So, what is the top university?

THE DEBATE around university fees has been raging. Some think higher education should be free to the masses, the burden of cost left to the state. Others feel that without additional endowments from students, universities will not survive

THE DEBATE around university fees has been raging. Some think higher education should be free to the masses, the burden of cost left to the state. Others feel that without additional endowments from students, universities will not survive. Both sides argue that the quality of higher education needs to improve. Unfortunately, there has been no way to judge a university's performance.

That will soon change. Slovakia is establishing not one but two new ratings agencies. The goal of both is to place universities on a relative regional scale, from best institution to worst.

The first evaluation results are expected to be out by September 2005.

ARRA is a private university ratings agency that saw a market demand in Slovakia. Education Minister Martin Fronc celebrated its arrival, taking part at the opening ceremonies.

The Education Ministry will act as an outside observer to ARRA and does not plan to get involved in mutual projects.

"Independent ratings agencies are needed in Slovakia," the ministry's spokesperson, Monika Múrová, told The Slovak Spectator.

According to Juraj Barta, the chairman of the board of directors of ARRA, the arrival of a ratings agency to Slovakia will clear the air. The evaluation process will either confirm what university representatives have been saying all along - that the quality of Slovak education is comparable with developed countries - or what students have been complaining about. Namely, they refuse to pay for sub-standard education.

ARRA started collecting data on Slovak universities in the summer of 2004. The agency has now progressed to the actual evaluation process.

All individual universities and faculties will be part of this evaluation.

ARRA will evaluate universities according to four categories: specialized knowledge; quality of the education process; the versatility of student degrees; and the overall experience.

In terms of versatility, the agencies will look at the percentage of graduates that find gainful employment. The quality of the educational process will largely depend on student surveys. The overall experience will be based on student accommodations and access to resources, from computers and libraries to sports facilities.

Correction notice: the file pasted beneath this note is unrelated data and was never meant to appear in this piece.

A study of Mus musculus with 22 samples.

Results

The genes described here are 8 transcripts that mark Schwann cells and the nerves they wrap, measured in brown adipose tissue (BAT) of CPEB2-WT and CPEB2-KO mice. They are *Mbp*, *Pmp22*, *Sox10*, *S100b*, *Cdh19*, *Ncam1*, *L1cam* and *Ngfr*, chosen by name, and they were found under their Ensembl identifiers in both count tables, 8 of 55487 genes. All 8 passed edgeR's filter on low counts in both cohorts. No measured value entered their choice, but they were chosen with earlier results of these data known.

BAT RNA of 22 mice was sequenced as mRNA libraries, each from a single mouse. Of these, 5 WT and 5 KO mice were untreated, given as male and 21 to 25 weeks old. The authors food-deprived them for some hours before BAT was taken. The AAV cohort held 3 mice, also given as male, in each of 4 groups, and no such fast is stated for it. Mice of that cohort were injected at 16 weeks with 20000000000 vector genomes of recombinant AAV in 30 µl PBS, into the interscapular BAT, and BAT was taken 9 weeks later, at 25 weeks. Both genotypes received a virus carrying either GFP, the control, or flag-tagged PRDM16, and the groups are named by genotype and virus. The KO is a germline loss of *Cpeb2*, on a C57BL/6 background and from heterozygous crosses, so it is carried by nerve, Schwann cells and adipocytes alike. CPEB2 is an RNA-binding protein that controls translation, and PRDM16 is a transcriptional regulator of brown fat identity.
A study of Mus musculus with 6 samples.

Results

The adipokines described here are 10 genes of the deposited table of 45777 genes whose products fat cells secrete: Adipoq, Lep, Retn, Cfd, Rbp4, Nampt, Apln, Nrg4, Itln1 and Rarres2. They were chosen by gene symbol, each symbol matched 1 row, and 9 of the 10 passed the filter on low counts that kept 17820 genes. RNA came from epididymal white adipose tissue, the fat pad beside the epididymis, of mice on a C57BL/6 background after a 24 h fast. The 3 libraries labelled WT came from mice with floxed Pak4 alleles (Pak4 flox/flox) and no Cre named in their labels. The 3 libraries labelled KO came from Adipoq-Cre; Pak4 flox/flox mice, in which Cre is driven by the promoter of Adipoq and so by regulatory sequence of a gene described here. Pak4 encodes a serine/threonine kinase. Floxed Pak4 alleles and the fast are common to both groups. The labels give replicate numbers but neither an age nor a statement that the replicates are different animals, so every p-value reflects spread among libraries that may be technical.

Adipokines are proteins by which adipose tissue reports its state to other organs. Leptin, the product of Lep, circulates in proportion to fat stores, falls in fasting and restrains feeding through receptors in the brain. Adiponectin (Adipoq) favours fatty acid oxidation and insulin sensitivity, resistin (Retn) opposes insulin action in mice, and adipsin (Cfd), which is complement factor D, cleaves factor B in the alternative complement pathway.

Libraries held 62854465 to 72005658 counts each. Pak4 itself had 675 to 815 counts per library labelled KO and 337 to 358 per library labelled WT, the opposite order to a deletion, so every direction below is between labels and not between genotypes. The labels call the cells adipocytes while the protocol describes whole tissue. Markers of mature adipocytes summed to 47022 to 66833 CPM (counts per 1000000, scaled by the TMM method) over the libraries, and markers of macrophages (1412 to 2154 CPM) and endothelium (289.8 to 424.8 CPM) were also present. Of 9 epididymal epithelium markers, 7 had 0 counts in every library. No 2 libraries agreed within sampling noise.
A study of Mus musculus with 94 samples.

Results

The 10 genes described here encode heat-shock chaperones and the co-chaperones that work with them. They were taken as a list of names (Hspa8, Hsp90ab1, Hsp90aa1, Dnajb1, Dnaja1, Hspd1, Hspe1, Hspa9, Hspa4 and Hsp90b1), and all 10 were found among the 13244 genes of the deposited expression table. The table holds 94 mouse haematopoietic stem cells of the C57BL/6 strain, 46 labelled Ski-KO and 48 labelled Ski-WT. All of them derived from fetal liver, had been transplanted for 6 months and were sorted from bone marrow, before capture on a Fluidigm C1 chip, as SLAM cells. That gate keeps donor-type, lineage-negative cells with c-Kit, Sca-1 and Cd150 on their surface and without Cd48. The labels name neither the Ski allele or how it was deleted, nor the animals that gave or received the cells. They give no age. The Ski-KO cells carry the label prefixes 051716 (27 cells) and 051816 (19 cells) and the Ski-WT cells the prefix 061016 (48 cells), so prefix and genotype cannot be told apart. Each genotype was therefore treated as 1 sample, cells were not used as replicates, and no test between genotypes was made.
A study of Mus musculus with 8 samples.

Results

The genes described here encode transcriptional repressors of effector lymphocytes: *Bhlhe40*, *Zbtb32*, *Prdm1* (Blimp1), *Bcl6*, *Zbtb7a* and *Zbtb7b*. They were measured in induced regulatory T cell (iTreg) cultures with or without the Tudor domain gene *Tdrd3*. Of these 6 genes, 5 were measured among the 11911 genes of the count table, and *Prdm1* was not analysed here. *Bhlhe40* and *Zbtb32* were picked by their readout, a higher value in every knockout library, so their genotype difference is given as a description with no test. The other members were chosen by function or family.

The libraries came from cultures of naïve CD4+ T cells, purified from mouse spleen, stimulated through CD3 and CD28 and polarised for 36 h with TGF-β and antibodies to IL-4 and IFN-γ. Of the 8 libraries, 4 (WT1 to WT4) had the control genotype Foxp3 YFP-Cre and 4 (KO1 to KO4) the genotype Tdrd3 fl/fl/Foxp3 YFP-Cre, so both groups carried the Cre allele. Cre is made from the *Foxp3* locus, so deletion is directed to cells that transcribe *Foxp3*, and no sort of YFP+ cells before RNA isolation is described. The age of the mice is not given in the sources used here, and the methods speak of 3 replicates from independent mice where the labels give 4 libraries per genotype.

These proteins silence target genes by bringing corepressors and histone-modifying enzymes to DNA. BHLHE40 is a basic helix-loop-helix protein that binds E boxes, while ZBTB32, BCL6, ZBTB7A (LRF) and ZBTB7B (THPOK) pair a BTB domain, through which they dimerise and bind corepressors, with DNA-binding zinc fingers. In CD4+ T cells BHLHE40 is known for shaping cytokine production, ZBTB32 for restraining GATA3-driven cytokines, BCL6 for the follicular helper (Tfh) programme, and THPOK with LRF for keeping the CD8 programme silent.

With ARRA results coming out in autumn 2005, future high school graduates will be able to use the information to make an informed choice about where they will continue their studies.

In addition to ARRA, the Education Ministry has formed its own agency, called EVA. Through EVA, the ministry will take an active role in evaluating the country's higher education facilities. According to Múrová: "EVA was organized by the Slovak Rector Conference. Its formation involves Sk25 million (€658,000)," she said.

Múrová added: "It does not matter that there will be two agencies. They will force each other to perform even better."

EVA's evaluation process will consist of two sets of input data: a self-assessment by the universities themselves and the results of an independent European evaluation agency that will publish its results once a year.

"This way, we can ensure the credibility of the results," said Múrová.

The Education Ministry hopes that by involving the European evaluation agency, the Slovak university ratings system will be acceptable abroad as well.

Both ARRA and EVA recognize the importance of following standards in order to receive international acceptance. To this end, ARRA is drawing on the experience of others and adapting it to Slovakia's education environment. It is soliciting advice from the World Bank, for example, and it has also hired a prestigious agency to conduct representative surveys of students and employers.